Some are used to seeing kittens available at 8 weeks or even earlier, but this practice of kittens going home is not the best for the kitten. Shelter kittens are often released from the shelter early for many reasons: 1. the mother was not around anyway; 2. the health risk to the kitten being in a shelter with other animals, potentially other diseases, is greater than in a home; 3. the scarcity of opportunities for proper socialization in the shelter; and the cost of care to the shelter. But in a home-bred and raised situation, 12-16 weeks is a much better timeframe for the kitten to go to its new home.
From TICA (https://www.tica.org/pdf/publications/brochures/lookingforakitten.pdf
When can I take the kitten home?
Most responsible breeders allow their kittens to go to new homes at 14 weeks of age or older. If you're used to seeing barely-weaned kittens in pet stores, this might seem old; but its actually a good age to make the transition to a new home. At 14 weeks, a kitten is weaned, litter trained, and has been vaccinated at least twice. And it still has plenty of comical, lovable kitten hood to go.
Been seeing some posts about kittens being sold or given away as early as 7 weeks old, believing that this is normal when it is not. This is NOT a judgement on anyone who has posted or who has purchased or taken a kitten before 14 weeks. But this is the reason why a kitten should be, at a minimum, 14 weeks of age before going home.
- Immune systems are not developed at 6-8 weeks of age.
- Before 14 weeks of age, a single serious bout of something as simple as diarrhea can kill a kitten. Dehydration can kill a kitten. A good chill can kill a kitten. They are so very very fragile up until 12-14 weeks of age.
- At 6 weeks (for example) kittens have just left the nest box about the week before. They are still getting used to the world- still experiencing the world. When left with Momma for the next 6-8 weeks, Momma teaches them everything. It is a very important time development-wise for kittens.
- We currently think that it takes until at least 14 weeks for kittens to have a fully functional immune system which is why it is also recommend at least one vaccine at or after 14 weeks of age as the second vaccine.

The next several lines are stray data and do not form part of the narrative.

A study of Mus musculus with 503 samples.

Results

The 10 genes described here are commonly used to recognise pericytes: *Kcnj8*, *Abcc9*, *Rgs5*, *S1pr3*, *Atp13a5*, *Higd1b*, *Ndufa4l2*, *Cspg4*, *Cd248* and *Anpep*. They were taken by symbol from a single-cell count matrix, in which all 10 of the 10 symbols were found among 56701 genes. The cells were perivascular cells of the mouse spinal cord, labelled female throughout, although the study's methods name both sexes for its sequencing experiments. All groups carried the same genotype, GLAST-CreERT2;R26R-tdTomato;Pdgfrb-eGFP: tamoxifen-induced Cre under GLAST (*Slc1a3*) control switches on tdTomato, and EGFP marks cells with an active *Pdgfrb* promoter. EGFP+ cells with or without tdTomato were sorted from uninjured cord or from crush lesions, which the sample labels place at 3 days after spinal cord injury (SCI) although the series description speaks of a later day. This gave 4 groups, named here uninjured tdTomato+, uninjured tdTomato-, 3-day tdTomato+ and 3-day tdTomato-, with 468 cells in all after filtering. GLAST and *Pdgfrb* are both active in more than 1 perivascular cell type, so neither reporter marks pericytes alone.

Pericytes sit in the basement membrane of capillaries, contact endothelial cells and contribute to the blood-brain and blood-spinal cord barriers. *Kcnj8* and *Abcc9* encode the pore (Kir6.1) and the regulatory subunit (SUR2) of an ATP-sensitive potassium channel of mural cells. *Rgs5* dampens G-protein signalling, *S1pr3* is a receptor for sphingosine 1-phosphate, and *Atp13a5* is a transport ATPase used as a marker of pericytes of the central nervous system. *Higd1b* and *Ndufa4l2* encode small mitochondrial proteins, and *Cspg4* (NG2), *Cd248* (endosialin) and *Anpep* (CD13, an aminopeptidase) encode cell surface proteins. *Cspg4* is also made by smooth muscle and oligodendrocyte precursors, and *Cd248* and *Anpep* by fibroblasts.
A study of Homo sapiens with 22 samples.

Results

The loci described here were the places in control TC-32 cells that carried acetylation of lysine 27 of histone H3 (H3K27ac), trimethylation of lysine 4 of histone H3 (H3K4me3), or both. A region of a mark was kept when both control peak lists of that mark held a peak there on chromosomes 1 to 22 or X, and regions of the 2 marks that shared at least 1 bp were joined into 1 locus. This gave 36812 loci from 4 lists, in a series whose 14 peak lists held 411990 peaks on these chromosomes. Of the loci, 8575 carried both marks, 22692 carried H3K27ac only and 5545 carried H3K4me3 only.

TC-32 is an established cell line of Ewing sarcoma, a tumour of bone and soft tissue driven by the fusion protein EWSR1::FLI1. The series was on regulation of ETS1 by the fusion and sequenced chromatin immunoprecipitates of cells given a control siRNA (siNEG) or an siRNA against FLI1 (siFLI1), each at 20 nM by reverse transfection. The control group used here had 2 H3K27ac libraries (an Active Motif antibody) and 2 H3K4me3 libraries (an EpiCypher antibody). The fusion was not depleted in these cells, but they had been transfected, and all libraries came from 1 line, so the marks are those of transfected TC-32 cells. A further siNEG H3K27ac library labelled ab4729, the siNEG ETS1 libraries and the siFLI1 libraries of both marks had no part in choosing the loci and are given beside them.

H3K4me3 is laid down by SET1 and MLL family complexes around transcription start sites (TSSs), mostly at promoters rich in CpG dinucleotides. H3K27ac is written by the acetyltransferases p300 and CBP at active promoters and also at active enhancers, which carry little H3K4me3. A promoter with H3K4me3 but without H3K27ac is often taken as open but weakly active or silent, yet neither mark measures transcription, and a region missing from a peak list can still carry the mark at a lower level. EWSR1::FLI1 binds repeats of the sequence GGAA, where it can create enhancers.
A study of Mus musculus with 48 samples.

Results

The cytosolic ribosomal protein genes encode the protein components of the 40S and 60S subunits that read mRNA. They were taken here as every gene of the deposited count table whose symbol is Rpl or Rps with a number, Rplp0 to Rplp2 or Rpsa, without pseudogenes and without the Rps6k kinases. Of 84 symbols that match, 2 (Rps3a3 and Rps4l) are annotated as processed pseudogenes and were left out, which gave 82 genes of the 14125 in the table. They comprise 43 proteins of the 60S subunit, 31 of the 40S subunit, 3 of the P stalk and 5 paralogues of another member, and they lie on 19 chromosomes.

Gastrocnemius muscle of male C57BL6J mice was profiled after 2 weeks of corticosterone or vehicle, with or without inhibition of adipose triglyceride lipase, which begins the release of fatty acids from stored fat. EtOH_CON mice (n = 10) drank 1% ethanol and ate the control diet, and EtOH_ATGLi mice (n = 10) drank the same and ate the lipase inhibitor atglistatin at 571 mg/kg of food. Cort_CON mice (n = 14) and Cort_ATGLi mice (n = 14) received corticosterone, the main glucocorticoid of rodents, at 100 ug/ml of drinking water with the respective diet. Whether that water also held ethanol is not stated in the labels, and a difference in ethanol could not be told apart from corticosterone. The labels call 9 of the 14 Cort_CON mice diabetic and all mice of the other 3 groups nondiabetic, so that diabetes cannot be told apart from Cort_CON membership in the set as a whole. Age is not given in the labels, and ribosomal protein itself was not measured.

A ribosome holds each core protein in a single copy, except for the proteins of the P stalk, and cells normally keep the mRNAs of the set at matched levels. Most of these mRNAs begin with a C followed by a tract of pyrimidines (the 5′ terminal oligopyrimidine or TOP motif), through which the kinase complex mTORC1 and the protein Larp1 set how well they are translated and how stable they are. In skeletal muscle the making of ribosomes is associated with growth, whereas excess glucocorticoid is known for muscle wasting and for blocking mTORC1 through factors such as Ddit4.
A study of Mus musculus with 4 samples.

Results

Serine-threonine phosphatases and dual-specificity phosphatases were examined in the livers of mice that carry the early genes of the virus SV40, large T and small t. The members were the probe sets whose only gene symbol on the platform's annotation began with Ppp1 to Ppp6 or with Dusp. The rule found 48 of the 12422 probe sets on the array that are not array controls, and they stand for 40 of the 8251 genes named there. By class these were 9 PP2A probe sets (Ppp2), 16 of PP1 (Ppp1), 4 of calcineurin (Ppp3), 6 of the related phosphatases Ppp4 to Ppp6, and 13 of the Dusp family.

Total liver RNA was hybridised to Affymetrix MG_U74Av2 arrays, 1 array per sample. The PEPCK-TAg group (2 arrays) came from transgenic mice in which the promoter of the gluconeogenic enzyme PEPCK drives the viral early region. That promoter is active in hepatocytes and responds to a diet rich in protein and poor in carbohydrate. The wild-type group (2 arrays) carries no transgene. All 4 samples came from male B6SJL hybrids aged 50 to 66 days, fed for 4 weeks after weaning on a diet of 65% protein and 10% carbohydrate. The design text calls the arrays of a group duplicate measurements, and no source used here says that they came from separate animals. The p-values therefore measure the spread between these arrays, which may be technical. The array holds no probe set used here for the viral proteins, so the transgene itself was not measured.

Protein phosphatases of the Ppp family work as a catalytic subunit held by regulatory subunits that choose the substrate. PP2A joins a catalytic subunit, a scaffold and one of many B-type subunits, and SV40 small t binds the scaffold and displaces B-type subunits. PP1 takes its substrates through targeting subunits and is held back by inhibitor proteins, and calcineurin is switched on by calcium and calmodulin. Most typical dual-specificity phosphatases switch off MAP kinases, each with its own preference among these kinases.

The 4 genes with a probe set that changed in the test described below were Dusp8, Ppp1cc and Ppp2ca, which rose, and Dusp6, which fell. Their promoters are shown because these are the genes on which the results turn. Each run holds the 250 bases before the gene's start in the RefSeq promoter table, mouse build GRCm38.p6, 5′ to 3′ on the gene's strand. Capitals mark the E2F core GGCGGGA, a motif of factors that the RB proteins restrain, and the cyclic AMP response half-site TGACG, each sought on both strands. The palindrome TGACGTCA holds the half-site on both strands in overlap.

We can't just "fast-track" immunity by giving vaccines earlier and expecting that to give proper protection.
- They learn a lot from their siblings and momma cat, but their personalities also develop along with their confidence. At 14 weeks of age savannah kittens are very outgoing and interested in new things while at 7-8 weeks of age they are more easily worried and stressed.
What is a mere week to us is a huge developmental stage to a fast growing kitten. They only get a few weeks of their lives with their "family" in the breeder setting where a cat in their feral state will stay with its family often for months or until sexual maturity. I don't think it is until you can watch the interactions of the babies with their mom's and siblings that you can really value what a special and very short relationship they have together.
*******************The real point to this is to learn how to spot, and avoid, a backyard breeder.
A breeder that says "Oh, you can trust me, I'm a member of TICA" and then ignores TICA's recommendations on kittens...is a hypocrite, not a breeder. Most people don't understand that TICA membership means nothing anyway. The person who will give you a supposedly purebred cat at 8 weeks (or younger) is looking to make a quick buck, to leave you responsible for spay/neuter (and any consequences), to minimize their expenses for feeding and vaccines, and to get the kittens out of their house as fast as possible so they can make more.
Spay and neuter, Trap-Neuter-Release (TnR), and don't buy from backyard breeders so that they will go out of business! All things we can do to keep cats out of shelters.